13 Tips from guest author Josh Patoka:
Frugality gets a bad rap; it can be perceived that you don’t have fun, or just live on ramen noodles forever. (Mmmm, ramen noodles.) But frugality is simply using your money efficiently, without waste. Because of it, I was able to switch careers and improve my quality of life. Thanks frugality!
My old job was the proverbial “golden handcuffs”; I was working approximately 70-80 stressful hours a week, but it paid awfully well. I started getting the hint that my quality of life wasn’t going to improve when my bosses said they would have switched careers if they didn’t have families. (But they’d also told me they’d already missed much of their children’s lives…) Yikes. When my wife got pregnant, I knew my family was more important than a big paycheck, and…
I jumped. Yes, it was scary, and no I didn’t know for sure that it would work out. But I jumped. I took a 50% pay cut to switch careers, but not having the stress of long and unpredictable hours seemed like a worthy tradeoff. And, though my wife and I are self-employed now and make less money, we haven’t missed a meal or a bill payment yet.
So how could we afford to take a 50% pay cut literally overnight?
Simple: We pursued a frugal lifestyle and were intentional about not spending money whenever possible. Here’s an insider look at how we do it. It’s not American but it’s possible. Listen up.
1. Put at least 10% of our take-home pay in a savings account
2. Save for purchases instead of borrowing money
3. Shop on Craigslist, local thrift stores, or department store clearance racks first
4. Wait for items to completely wear out before replacing them
5. Don’t go on expensive vacations
6. Keep monthly expenses as low as possible
In a nutshell, avoid lifestyle inflation. Spend less than you earn. Not more than you earn. Simple. For us it means we don’t have to work long hours to earn a large paycheck just to pay our oversized monthly bills. You could also:
7. Pay cash for a car you can afford instead of borrowing money for one you can’t
8. Repay your loans as quickly as possible
9. Be diligent about saving any pay increases, bonuses, or windfalls you receive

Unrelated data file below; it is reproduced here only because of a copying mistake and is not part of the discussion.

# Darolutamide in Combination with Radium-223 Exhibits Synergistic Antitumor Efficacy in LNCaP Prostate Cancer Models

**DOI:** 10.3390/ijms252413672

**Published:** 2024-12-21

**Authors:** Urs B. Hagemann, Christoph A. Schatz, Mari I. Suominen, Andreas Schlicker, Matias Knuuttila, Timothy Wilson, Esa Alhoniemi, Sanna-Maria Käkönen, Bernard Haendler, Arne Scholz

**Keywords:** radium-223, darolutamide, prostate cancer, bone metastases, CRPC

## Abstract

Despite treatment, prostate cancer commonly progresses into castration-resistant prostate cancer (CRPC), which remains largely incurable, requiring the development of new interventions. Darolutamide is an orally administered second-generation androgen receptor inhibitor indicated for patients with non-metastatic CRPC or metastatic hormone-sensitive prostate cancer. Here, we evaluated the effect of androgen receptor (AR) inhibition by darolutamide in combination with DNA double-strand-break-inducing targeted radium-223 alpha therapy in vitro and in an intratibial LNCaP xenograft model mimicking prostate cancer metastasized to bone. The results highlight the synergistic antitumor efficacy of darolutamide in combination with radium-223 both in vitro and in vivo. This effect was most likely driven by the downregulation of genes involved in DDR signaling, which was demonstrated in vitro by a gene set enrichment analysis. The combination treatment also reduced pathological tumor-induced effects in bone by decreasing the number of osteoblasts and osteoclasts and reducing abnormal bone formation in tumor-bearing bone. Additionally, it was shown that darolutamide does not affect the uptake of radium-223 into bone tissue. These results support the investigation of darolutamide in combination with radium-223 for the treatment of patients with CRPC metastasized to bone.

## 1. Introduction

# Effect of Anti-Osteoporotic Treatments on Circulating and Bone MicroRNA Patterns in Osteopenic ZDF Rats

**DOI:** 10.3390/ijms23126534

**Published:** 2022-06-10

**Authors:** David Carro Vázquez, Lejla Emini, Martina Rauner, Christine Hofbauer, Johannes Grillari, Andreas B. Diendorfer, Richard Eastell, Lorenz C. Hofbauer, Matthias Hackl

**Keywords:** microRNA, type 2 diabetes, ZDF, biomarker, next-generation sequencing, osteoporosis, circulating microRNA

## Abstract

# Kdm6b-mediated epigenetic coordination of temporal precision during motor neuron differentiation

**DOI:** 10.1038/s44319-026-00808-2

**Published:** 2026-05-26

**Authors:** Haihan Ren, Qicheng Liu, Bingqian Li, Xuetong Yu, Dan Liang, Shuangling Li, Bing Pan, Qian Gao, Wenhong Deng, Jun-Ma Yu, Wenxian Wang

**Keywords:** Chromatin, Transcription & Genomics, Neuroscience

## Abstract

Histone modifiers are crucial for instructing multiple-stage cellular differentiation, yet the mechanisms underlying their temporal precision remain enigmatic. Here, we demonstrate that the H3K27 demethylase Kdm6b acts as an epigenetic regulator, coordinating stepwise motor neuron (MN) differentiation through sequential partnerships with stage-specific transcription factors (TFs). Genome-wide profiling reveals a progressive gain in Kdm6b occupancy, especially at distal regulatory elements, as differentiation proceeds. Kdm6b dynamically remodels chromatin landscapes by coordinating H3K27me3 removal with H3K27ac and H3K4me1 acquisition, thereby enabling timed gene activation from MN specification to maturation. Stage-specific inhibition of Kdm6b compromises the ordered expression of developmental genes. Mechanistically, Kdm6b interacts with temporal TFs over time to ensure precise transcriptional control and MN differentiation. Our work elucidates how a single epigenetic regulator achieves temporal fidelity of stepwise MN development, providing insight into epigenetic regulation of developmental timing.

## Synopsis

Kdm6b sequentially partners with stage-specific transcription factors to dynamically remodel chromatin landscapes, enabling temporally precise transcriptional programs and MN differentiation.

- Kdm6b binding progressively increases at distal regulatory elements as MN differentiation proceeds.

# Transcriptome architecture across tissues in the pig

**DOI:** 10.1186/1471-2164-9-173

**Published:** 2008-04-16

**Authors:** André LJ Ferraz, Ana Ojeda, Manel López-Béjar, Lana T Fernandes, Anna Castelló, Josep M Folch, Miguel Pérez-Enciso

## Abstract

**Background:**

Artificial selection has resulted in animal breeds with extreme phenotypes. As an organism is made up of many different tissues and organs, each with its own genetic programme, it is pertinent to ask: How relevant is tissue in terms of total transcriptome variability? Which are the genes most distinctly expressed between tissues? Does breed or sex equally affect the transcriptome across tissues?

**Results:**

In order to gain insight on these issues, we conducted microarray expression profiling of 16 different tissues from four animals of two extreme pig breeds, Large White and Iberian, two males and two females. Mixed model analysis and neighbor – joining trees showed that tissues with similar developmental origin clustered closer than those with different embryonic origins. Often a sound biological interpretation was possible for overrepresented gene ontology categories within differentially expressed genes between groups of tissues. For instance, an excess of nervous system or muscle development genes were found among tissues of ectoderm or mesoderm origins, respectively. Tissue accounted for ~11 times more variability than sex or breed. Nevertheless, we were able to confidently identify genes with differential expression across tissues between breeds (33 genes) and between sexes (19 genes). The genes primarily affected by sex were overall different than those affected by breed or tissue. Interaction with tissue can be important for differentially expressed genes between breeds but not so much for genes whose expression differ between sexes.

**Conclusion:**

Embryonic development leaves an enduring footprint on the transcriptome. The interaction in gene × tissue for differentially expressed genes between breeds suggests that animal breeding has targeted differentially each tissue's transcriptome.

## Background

10. Wait 48 hours before making ANY large purchase (you might change your mind)
11. Pay your bills in full, on-time, every month
12. Don’t buy something you don’t need just because your friend has one and you want to look cool
Being frugal requires short-term financial sacrifice, as you can see. But man it’s worth it! We do the things above: We don’t drive a vehicle worth more than $10,000. We don’t spend more than $1,000 a year on vacations. And we wait to buy items on clearance instead of having the latest tech or fashion. And one last, big thing we do:
13. We make extra payments on our mortgage so we can, in the long run, save thousands of dollars in interest payments. At our current rate, we’ll be debt-free in five years… and we never plan on going back!
You don’t have to make the same choices we do. The beauty of frugality is that, by making wise money decisions, you can spend more money in areas that are important to you. You might decide to buy a used vehicle so you CAN afford to take a fancy vacation (without borrowing money to do it). Or you might reduce your living expenses so you can max out your retirement savings to retire early.
Being frugal afforded me the opportunity to change careers and be home for my family. (Plus, I also get the fringe benefits of having a slimmer waistline due to less stress, and I’m able to sleep all night!) Frugality doesn’t mean you have to live like a college student or a pauper. With a few simple changes to your daily habits (and now you’ve got 13 of them to think on), you can maximize your paycheck… and your quality of life.
About the Author
Josh blogs about personal finance at Money Buffalo.